No Respite: Burundian Refugees in the DR Congo

Since April 2015, a violent political crisis in Burundi has forced several hundred thousand people from their homes, many seeking refuge in neighboring countries. Nearly 23,000 Burundians fled overland or by lake into the eastern Democratic Republic of the Congo (DRC).

This number may seem small relative to other refugee crises around the world, but the Burundians have arrived into a region that is wracked by severe insecurity and volatility. Burundian refugees face threats from the myriad armed groups that operate in eastern DRC, in addition to Congolese security forces and migration officials who prey on vulnerable populations. A robust international response is required to protect and support Burundian refugees in the DRC, something that is lacking at present.


Burundian refugees living with a host community in the Ruzizi Plain in South Kivu.  These two women are struggling to afford school fees for their children. 

Thousands of refugee children live at the Lusenda site in Fizi territory, South Kivu.  

Thousands of refugee children live at the Lusenda site in Fizi territory, South Kivu.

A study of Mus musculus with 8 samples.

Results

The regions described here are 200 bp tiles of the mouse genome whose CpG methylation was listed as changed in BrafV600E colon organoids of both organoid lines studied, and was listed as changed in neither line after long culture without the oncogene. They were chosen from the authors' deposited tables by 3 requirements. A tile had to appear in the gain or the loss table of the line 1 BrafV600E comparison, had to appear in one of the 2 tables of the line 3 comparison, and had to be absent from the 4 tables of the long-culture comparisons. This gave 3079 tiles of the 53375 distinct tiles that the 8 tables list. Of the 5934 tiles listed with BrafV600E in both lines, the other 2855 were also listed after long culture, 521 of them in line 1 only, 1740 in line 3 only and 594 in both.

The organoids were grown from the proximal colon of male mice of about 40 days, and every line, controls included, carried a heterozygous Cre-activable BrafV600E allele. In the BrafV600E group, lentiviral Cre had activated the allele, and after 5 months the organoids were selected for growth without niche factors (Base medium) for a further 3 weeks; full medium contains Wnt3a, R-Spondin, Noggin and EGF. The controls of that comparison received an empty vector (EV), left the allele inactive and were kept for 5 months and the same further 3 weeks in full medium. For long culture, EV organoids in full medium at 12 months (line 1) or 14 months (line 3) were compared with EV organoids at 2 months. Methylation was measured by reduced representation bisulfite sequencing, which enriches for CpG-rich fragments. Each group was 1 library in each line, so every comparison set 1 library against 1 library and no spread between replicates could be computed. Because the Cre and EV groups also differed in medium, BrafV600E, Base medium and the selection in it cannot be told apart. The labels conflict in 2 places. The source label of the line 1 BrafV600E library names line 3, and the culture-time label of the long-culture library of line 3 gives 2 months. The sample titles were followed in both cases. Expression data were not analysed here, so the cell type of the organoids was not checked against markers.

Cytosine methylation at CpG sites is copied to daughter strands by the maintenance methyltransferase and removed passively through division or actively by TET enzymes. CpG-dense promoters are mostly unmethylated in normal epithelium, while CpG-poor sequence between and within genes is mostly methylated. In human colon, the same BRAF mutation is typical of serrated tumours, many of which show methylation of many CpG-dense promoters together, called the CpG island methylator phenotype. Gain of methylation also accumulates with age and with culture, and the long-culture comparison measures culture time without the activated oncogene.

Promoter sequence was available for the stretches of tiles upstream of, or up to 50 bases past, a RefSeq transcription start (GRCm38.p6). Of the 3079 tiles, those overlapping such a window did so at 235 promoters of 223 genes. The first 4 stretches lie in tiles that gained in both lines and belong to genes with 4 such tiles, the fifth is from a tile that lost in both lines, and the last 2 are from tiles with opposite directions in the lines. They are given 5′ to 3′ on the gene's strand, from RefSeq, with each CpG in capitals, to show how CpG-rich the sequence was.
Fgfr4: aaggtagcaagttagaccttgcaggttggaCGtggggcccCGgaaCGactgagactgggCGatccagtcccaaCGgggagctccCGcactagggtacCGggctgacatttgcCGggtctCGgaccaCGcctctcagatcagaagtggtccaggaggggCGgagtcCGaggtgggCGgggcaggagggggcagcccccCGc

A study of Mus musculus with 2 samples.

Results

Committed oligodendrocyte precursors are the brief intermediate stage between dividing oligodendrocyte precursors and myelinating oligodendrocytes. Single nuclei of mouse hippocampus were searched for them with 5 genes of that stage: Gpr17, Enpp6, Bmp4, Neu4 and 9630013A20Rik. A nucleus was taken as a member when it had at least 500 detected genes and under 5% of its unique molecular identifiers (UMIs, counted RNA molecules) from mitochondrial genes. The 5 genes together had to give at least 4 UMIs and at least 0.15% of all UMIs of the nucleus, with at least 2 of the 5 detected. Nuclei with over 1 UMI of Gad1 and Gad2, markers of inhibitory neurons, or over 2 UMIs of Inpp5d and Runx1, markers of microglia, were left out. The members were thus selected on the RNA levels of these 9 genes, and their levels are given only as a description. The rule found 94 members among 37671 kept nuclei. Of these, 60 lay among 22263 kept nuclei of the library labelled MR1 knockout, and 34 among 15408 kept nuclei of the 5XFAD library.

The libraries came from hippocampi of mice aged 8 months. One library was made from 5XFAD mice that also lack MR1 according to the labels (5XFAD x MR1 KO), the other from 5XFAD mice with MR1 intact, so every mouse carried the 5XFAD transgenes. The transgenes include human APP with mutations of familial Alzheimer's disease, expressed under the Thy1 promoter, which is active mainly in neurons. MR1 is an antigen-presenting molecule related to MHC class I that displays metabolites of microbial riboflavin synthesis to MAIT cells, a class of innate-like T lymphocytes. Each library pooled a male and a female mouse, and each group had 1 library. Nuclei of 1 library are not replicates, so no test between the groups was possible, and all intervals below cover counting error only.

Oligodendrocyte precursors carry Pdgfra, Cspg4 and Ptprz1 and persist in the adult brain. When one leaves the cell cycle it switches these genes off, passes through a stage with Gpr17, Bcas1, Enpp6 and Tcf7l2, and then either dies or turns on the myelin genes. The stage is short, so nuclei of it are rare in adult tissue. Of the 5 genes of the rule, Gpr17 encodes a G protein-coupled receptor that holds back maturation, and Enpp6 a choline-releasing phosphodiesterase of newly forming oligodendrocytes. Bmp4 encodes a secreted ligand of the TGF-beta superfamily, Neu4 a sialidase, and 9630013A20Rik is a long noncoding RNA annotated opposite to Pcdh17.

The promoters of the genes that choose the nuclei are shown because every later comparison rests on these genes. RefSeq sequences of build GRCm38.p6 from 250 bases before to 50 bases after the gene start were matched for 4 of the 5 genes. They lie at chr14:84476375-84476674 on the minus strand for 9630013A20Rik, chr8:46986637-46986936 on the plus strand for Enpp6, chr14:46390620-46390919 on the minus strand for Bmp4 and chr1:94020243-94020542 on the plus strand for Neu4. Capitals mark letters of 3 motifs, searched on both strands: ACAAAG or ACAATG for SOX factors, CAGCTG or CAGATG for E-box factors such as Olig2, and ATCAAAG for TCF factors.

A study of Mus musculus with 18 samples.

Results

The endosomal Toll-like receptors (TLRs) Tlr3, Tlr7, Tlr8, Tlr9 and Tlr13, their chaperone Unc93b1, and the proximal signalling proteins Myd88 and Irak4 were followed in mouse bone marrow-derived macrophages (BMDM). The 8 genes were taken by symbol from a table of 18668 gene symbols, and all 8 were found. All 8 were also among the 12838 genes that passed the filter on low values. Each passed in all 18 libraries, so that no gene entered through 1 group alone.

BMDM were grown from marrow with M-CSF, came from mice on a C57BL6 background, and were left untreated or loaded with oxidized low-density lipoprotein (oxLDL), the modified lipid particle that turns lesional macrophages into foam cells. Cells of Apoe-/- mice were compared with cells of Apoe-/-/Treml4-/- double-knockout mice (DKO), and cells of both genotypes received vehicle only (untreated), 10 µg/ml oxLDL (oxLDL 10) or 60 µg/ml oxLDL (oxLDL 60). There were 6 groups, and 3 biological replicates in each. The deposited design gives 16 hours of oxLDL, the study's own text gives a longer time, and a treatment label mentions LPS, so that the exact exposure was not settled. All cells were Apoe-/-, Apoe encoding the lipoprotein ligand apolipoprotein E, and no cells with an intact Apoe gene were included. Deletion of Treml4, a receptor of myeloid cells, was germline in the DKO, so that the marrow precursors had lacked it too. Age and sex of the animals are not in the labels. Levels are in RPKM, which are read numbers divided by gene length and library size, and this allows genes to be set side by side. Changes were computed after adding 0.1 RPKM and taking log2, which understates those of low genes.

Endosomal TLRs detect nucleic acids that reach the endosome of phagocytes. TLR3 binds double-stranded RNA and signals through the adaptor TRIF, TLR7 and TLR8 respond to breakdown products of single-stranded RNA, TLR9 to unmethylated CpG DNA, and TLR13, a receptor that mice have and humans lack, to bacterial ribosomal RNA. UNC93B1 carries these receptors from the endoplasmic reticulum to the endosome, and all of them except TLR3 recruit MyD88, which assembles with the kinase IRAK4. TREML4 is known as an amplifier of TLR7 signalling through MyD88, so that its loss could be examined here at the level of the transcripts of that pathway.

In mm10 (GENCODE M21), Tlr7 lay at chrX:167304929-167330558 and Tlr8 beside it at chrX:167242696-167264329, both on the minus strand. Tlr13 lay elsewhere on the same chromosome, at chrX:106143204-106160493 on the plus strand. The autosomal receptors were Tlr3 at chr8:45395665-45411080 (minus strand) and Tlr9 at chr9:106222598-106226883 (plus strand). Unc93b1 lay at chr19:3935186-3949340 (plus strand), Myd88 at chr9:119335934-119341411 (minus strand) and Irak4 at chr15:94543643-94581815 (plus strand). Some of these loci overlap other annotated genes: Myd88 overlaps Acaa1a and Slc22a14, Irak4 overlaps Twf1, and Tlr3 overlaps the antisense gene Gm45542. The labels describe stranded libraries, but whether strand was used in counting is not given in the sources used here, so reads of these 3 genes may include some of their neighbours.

There is not much assistance here. We are not taken care of.
— Recently arrived refugee at a transit center in South Kivu

Recommendations

  • DONOR COUNTRIES SHOULD:
    • Increase funding for the protection monitoring and response activities of the UN Refugee Agency (UNHCR) in refugee-hosting territories of South Kivu;
    • Through UNHCR, provide greater resources to the Congolese National Commission for Refugees (CNR), including support for the CNR’s training and monitoring activities vis-a-vis other government agencies;
    • Increase funding for the training of Congolese security forces in refugee rights and refugee law, and support the creation of a police de proximité system in refugee-hosting areas;
    • Solicit and support projects that enhance local communities’ capacity to host Burundian refugees, including improvements in local infrastructure, social services, and environmental management;
  • UNHCR MUST:
    • Deploy additional protection staff to the refugee-hosting territories of South Kivu, and provide additional support to partners working in both protection monitoring and response;
    • Consistently enforce a maximum one-week stay in transit centers for newly-arrived refugees;
    • Establish and implement a complaints and feedback mechanism for Burundian refugees that is in accordance with the Core Humanitarian Standard on Quality and Accountability; 
  • UNHCR and CNR must increase the frequency of their inspection visits of offices of the Directorate-General for Migration in South Kivu to mitigate violations of refugee rights and international refugee law; further, a clear mechanism for provincial and national-level follow-up must be established in coordination with the Ministries of Interior and Humanitarian Affairs.

Michael Boyce and Mark Yarnell traveled to the eastern DRC in March and April 2016 to assess the situation of Burundian refugees.